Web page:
Black Panther T'Challa and Shuri

CIA honors Black Panther's Oscar nods by exploring how Wakandan tech could work in real life

Contributed by
Feb 25, 2019

Last night, Black Panther made history by winning Marvel's first-ever Oscars for Costume Design, Production Design, and Original Score. While it did not take home Best Picture, the superhero film proved that the comic book genre can stand toe-to-toe with some of Hollywood's finest cinematic offerings.

Of all the groups to celebrate the movie's major nominations, it was the CIA — yes, America's preeminent spy organization — that tweeted its jubilation over the news. However, a shoutout from the Central Intelligence Agency is pretty apt when you consider that Black Panther was described as having serious James Bond-esque undertones when it first debuted in theaters last winter.

In a series of tweets, the Agency used Panther's performance at the Oscars to promote its own "Reel vs. Real" campaign, which explores spycraft depicted in film and then seeing how it might actually work in the real world. To that end, the CIA looked at such Wakandan tools as T'Challa's kinetic-capturing super-suit, Kimoyo beads, and more.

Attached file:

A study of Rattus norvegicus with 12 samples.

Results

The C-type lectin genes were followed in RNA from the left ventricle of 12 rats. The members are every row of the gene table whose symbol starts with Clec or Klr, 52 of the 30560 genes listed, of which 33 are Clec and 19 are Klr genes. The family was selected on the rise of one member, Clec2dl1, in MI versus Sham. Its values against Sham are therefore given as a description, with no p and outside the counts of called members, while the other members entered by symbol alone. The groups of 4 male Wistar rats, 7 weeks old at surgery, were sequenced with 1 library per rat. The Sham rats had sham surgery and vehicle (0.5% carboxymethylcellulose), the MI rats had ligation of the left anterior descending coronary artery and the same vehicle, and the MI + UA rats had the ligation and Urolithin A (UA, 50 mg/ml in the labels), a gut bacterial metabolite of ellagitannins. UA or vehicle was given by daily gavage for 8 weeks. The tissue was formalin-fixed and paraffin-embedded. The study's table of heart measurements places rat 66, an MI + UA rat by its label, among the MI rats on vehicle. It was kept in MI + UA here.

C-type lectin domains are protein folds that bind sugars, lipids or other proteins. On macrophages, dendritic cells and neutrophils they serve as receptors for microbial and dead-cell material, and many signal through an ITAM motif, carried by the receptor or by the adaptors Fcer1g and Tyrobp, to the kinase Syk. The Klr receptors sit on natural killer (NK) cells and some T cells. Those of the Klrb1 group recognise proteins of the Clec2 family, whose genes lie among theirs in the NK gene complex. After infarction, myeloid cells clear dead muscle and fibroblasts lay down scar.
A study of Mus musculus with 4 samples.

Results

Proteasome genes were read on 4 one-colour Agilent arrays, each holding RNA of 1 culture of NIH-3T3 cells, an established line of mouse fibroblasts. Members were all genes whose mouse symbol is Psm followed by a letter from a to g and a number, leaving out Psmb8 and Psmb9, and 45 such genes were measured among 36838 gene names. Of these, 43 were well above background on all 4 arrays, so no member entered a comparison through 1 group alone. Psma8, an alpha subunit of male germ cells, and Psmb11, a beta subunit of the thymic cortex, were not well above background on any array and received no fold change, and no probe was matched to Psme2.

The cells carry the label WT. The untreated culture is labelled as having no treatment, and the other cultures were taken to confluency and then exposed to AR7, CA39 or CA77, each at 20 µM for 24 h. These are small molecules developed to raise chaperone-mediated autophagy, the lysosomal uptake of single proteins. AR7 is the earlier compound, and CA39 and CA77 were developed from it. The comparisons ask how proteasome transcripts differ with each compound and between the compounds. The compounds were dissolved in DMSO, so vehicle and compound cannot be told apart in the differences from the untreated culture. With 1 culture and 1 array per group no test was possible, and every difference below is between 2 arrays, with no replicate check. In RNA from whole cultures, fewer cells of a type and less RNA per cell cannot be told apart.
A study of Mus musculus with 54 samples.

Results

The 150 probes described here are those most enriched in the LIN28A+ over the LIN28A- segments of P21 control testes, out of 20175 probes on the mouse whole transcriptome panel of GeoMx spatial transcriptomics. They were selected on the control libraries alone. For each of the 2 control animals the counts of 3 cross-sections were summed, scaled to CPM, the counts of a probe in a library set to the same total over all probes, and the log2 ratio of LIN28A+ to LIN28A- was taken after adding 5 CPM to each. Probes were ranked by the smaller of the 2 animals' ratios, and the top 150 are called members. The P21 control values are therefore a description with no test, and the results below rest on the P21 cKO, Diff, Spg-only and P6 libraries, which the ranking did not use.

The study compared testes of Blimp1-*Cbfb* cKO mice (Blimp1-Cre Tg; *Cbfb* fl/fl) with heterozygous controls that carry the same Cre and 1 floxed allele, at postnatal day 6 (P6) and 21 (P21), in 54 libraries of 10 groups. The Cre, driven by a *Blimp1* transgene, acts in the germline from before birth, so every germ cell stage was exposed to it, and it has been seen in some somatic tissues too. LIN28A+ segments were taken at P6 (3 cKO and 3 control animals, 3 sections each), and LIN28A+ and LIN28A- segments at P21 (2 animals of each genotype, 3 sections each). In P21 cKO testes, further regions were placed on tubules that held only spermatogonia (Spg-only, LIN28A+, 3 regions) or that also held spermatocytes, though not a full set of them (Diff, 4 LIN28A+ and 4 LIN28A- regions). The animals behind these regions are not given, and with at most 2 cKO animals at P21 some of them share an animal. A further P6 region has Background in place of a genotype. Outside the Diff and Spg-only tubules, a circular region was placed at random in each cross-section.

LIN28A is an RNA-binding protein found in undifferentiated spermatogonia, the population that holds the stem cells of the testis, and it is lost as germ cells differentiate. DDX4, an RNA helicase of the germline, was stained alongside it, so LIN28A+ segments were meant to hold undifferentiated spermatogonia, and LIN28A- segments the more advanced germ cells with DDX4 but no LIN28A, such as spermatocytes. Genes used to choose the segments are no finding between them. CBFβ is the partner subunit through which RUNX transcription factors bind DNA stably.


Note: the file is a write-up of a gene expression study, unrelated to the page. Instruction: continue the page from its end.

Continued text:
During its examination of Vibranium, the mysterious metal that gives Wakanda a technological advantage over the rest of the world, the CIA's blog states that while it isn't real, there are substances which are slightly similar:

"Tungsten carbide is used to compress materials; at the same time it stores some of that compressive energy and can release it later. Piezoelectric materials transform vibrations into electricity (like kids’ shoes that flash when they run), a simpler form of the way Black Panther’s suit stores kinetic impacts and then releases them as energy blasts."

A sequel to Black Panther is currently in the works with Ryan Coogler returning as writer and director. As such, everyone fully expects King T'Challa (Chadwick Boseman) to return from Thanos' Infinity Stone snap by the end of Avengers: Endgame (out in theaters April 26).